Redcoats and Rebels : The War for America, 1770-1781
This work offers a full-length, popular history of the American War of Independence - the "cruel accursed war" that changed the world forever. The story of this war has usually been told in terms of a conflict between blundering British generals and their rigidly disciplined red-coated troops on the one side, and heroic American patriots in homespun shirts and coonskin caps on the other. Here, the author portrays the realities of a war condemned by thousands of Americans, in which George Washington came perilously close to defeat. Both before and after General Burgoyne's surrender at Saratoga, the British rarely lost a battle until the French helped the rebels defeat Lord Cornwallis at Yorktown in 1781.
- Paperback | 416 pages
- 136 x 217 x 30mm | 440g
- 25 Jan 2001
- Penguin Books Ltd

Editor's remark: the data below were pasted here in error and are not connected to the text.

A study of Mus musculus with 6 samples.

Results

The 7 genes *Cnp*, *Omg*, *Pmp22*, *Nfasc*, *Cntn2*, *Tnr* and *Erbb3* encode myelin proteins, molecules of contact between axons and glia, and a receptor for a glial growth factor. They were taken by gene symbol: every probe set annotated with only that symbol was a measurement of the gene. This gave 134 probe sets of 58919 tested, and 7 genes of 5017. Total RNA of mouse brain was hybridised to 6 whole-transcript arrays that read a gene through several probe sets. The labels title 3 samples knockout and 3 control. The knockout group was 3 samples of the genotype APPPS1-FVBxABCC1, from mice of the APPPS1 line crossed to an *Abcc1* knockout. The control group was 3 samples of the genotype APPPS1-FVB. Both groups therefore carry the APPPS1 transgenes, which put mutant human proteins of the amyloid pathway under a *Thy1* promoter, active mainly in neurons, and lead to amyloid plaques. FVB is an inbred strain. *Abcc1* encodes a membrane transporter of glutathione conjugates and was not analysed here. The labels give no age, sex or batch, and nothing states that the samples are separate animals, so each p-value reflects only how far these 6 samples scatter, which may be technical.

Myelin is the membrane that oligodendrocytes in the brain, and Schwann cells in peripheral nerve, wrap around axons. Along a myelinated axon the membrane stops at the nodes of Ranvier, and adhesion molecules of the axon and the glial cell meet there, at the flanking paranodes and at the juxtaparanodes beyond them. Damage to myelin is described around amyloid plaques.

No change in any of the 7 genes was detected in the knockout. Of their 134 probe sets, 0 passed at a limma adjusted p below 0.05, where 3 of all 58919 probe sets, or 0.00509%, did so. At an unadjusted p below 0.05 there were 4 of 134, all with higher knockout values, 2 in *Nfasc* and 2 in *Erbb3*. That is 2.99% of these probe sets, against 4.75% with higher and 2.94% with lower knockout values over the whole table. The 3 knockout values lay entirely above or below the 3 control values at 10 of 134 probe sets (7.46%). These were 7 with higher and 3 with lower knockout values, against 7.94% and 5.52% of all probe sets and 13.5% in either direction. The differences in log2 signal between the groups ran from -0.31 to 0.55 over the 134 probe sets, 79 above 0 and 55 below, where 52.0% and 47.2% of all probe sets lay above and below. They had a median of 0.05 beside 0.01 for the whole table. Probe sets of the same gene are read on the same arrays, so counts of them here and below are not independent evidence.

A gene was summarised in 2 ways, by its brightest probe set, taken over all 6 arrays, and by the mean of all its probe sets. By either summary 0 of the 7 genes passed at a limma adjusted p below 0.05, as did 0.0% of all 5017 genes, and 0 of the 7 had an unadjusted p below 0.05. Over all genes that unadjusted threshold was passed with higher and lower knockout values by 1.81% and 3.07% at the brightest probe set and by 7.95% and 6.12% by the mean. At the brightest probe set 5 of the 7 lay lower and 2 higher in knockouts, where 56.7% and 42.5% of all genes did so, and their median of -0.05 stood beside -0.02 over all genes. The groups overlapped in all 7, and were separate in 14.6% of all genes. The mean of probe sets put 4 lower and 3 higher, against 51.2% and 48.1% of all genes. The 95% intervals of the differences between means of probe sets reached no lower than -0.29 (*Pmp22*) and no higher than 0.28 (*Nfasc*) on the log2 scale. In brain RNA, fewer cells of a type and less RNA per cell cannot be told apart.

- London, United Kingdom
- New edition
- New edition
- b&w illustrations, bibliography, index
Table of contents
Part 1: sons of liberty; first blood; bunker hill; Washington takes command; "An ugly job"; the war in Canada; disasters in Virginia. Part 2: the Declaration of Independence; the battle for New York; generals at loggerheads; winter on the Delaware; the fall of Philadelphia; the army of the north; surrender at Saratoga; the English debate; intrigues at Valley Forge; fighting at Monmouth Court House; enemies of the French. Part 3: marching through Georgia; quarrels in New York; butchers and patriots; slaughter on King's Mountain; the traitor and the spy; with Cornwallis in the Carolinas; the road to Yorktown. Epilogue: the fate of characters whose end is not recorded in the text.